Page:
Hello, my name is Uwe Joorde and I live in Unna. To make it short: I've been in love with science for as long as I can remember. For me, science and technology are the means to make life easier and give us the opportunity to take it into our own hands. Not surprisingly, I started studying computer science at the Dortmund University of Applied Sciences.
Some of you may remember those punch cards. That was a long time ago, but the progress of technology to date has always been interesting and fascinating.
After several assignments and projects in smaller companies, I moved to Helmut Mauell GmbH in Velbert, Germany, where I worked for ten years as a software developer in the R&D department. At that time I came into contact with the IP protocol, which has changed the lives of so many of us. Then I switched to a smaller Internet service provider, ARTMEDIA/NRWNET, which was founded by Udo Haarmann.
In these times before Google, the Internet took its first steps towards commercial use and I had the opportunity to build up all essential IP services such as e-mail, DNS and all other services connected to the network. This means the setup, configuration, programming of RADIUS with user database, a dial-in router consisting of a series of analog/ISDN modems connected to a terminal server, Apache, the BIND, etc., etc., etc., in other words: Whatever an Internet Service Provider needs. I was very proud to get one of the first audio streaming services ever to work. Those were fun times, because we were just two guys at the job. My colleague worked on the Apache, and the rest was up to me. Most of the sources for LINUX came from Stanford University, which together with the good old O' Reilly books saved my life.
Now that I was infected, I wanted more and longed to play with bigger toys, and the biggest ISP in Germany at that time was EUNET, a spin-off of Dortmund University. I joined EUNET and had a really great time there. When they were purchased by UUNET, I switched to the engineering department of UUNET and received the order to migrate all RADIUS systems of the ISP that UUNET had purchased in the EMEA zone to a common proxy infrastructure. Sometimes it was a very difficult job with many obstacles, such as my French colleagues who had suddenly lost their ability to communicate in English whenever they liked it.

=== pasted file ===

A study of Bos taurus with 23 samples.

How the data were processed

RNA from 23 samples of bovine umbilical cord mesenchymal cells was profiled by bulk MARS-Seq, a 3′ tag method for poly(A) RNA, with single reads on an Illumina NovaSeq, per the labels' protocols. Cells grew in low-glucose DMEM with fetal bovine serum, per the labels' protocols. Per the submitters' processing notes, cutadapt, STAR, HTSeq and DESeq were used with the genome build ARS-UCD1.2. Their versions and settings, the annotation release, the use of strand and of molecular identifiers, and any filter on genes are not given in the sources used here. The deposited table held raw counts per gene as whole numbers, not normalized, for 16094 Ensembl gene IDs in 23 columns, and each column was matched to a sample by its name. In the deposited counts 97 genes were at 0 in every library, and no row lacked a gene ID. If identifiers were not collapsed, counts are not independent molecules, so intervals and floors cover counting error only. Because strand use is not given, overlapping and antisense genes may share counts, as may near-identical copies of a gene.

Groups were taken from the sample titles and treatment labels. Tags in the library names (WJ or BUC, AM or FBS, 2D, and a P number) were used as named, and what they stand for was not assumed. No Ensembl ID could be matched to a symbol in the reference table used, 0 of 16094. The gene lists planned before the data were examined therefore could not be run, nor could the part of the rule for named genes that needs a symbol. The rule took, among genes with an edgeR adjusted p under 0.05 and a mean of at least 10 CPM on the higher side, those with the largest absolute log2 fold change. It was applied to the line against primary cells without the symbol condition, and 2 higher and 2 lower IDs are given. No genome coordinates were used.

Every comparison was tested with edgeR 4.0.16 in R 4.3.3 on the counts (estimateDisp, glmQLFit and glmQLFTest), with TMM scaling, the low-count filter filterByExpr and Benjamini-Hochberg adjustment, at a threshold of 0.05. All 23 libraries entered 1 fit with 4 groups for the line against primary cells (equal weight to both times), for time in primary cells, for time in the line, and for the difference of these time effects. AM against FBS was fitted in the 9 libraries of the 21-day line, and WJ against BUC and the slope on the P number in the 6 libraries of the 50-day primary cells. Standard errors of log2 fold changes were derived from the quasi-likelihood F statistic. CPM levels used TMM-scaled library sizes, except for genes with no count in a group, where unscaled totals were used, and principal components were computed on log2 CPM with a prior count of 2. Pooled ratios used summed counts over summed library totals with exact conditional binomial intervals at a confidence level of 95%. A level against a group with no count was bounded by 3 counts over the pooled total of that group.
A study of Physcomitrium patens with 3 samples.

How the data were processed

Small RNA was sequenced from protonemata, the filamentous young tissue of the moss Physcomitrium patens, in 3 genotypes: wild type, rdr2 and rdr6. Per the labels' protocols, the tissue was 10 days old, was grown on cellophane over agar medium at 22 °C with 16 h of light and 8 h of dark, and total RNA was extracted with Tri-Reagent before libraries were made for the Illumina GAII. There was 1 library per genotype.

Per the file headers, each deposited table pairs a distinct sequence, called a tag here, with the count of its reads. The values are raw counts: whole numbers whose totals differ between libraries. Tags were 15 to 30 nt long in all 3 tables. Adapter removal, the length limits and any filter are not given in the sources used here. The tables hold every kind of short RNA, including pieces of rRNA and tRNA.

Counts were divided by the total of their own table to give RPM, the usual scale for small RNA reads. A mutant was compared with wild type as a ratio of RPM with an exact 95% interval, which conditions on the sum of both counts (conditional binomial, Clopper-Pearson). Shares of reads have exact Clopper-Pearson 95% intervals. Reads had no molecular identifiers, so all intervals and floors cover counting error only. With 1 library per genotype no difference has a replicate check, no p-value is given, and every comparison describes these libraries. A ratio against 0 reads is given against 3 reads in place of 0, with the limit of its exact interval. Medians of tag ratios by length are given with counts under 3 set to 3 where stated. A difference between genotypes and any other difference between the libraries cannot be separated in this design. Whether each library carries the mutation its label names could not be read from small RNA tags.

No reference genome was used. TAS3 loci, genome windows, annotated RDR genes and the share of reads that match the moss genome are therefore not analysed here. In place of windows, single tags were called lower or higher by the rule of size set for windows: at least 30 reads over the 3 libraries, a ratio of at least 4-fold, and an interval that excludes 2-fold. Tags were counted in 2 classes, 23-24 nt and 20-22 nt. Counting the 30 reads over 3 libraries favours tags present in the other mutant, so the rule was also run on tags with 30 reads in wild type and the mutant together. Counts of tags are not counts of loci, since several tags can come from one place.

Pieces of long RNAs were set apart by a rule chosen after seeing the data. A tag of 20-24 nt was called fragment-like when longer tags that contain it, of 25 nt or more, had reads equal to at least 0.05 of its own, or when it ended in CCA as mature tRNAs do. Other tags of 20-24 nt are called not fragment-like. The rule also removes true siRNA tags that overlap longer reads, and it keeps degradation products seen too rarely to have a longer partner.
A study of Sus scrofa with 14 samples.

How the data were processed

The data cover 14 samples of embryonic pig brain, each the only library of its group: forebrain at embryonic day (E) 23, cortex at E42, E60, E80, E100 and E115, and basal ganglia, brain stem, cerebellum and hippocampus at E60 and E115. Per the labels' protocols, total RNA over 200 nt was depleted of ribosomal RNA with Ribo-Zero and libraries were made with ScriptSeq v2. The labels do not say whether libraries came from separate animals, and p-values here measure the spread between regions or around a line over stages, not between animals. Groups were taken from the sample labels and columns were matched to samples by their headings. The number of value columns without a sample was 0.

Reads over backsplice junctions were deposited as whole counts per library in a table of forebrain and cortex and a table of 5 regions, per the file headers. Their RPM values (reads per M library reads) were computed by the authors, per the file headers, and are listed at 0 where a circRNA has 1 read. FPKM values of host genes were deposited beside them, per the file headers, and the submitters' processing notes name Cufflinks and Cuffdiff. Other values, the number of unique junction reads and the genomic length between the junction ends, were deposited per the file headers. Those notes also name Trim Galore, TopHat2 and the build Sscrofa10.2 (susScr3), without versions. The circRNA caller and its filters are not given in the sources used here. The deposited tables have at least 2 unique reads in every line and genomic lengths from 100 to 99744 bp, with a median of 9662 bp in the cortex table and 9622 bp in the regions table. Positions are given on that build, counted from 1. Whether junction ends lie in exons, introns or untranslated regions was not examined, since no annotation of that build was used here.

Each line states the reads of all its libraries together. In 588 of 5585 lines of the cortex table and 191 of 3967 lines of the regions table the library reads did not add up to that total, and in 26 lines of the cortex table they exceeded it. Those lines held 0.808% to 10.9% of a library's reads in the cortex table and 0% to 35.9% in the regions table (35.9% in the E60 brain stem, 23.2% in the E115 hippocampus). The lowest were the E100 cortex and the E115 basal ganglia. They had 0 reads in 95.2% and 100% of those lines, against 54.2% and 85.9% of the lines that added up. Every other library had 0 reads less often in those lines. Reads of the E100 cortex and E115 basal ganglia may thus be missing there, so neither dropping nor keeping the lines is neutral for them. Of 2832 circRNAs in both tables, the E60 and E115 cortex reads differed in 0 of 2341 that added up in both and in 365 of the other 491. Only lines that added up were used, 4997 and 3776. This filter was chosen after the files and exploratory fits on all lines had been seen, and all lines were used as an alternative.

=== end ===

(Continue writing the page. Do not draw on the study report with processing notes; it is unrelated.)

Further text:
Unfortunately, Bernie Ebbers, CEO of Worldcom, UUNET's holding company, lost track of the money he had borrowed from the banks and the entire holding company went down the drain. That was the signal for me to stop looking for a new job. In 2002 I became a member of Deutsche Telekom's IP backbone engineering team based in Münster, Germany, and I am delighted to be part of this competent team. DT`s Backbone is one of the largest backbones in Europe and as aTier1 we are globally networked. In recent years I was responsible for IP Multicast Engineering. One of the first requirements for IP-MC transports came from the German IP-TV service `Entertain`, but with the growing number of requests we decided to use Labeled IP-Multicast, which of course makes sense within an MLPS backbone. To achieve this goal, I work closely with our router providers and standardization organizations such as the IETF.